Children encouraged to garden and fish in project on tackling loneliness

The effects of so-called social prescribing on wellbeing, mental health difficulties, academic attendance and achievement will be measured.

Children are to be “prescribed” activities including gardening, fishing and going to museums as part of research aiming to tackle loneliness among young people.

The project, involving nine to 13-year-olds, will track how effective so-called social prescribing is in reducing feelings of isolation, mental health difficulties, improving school attendance and how cost effective it is.

Social prescribing is described by the NHS as an approach which connects people to activities, groups, and services in their community to meet their practical, social and emotional needs.

But researchers for the four-year project, led by by University College London (UCL), said while adults are increasingly being offered this option, younger people could be missing out on the benefits.

Co-principal investigator, Professor Daisy Fancourt, from the UCL department of behavioural science and health, said: “While GPs are increasingly adopting social prescribing for adults, young people are not yet routinely accessing the service, as they tend not to go to the GP for health and wellbeing support in the way that adults might.

“Our programme will help provide evidence on the potential benefits that social prescribing may have for children too.”

Twelve primary and secondary schools are currently being recruited for the pilot phase of the project, starting this year, with an aim of working with around 100 pupils.

The project will be expanded to 30 schools across the UK next year, as it aims to scale up to involve 600 pupils.

Children identified as feeling lonely or isolated will be connected to a link worker or social prescriber for the research, and supported to engage with an activity tailored to the young person’s interests which could be anything from sport to art, and gardening to fishing.

The effects on wellbeing, loneliness, mental health difficulties, academic attendance and achievement will be measured and compared with those for a control group of children who are signposted to an activity but not given extra support from the social prescriber.

Researchers noted a 2018 Office for National Statistics survey showing that 11.3% of 10 to 15-year-olds in the UK reported often feeling lonely, rising to 19.5% of children living in a city and 27.5% of children on free school meals.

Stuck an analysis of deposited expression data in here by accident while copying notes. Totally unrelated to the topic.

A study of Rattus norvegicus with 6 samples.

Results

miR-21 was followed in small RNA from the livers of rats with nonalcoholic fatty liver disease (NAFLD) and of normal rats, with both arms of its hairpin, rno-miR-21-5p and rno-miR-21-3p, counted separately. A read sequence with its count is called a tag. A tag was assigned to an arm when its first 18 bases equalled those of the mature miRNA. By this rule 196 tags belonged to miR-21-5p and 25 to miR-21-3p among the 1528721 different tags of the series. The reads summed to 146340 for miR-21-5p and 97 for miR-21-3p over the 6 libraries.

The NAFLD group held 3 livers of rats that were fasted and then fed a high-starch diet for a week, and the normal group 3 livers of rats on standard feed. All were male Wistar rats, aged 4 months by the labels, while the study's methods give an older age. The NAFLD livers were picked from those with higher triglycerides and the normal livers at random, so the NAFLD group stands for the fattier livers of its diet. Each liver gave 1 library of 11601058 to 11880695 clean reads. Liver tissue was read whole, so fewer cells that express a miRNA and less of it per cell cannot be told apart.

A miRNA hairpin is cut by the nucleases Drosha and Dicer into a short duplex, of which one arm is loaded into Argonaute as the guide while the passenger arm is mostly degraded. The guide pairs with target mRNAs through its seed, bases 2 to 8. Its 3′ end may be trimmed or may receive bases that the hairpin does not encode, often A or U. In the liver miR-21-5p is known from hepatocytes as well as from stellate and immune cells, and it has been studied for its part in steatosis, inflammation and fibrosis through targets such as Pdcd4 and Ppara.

A Government report last year suggested anxiousness among pupils appeared to have “worsened” during the 2021/22 academic year despite a return to full-time in-person schooling after the pandemic.

Rates of probable mental disorders among young people in England remained “at elevated levels” compared to before the pandemic, according to the Department for Education’s (DfE) annual State of the Nation report, suggesting the recovery of children and young people’s wellbeing towards pre-pandemic levels had been “inconsistent”.

Co-principal investigator Dr Daniel Hayes, also from UCL, said: “Loneliness has become an increasing problem among adolescents in the UK. This problem is especially acute in cities and among children from disadvantaged backgrounds.

“There is promising early evidence that social prescribing can help young people. Our study will add to this evidence base, assessing how effective social prescribing is in reducing loneliness and mental health difficulties, enhancing wellbeing and improving academic attendance and attainment, as well as how cost effective it is.

“In our project, a link worker will meet the young person for six to eight sessions, learning what matters most to them, what their gifts and strengths are, in order to provide tailored support, linking them with local organisations and activities that will be of interest to them.”

Professor Fancourt added: “Friendships and social connections are cornerstones of healthy adolescent development.

“If young people are lonely, they are at increased risk of developing depression, physical problems such as poor sleep, and later ill health, including cardiovascular disease.”

The Increasing Adolescent social and Community support (Inact) research programme is funded by the Kavli Trust, and also involves collaboration from the University of Manchester, the National Academy for Social Prescribing and the Social Prescribing Youth Network.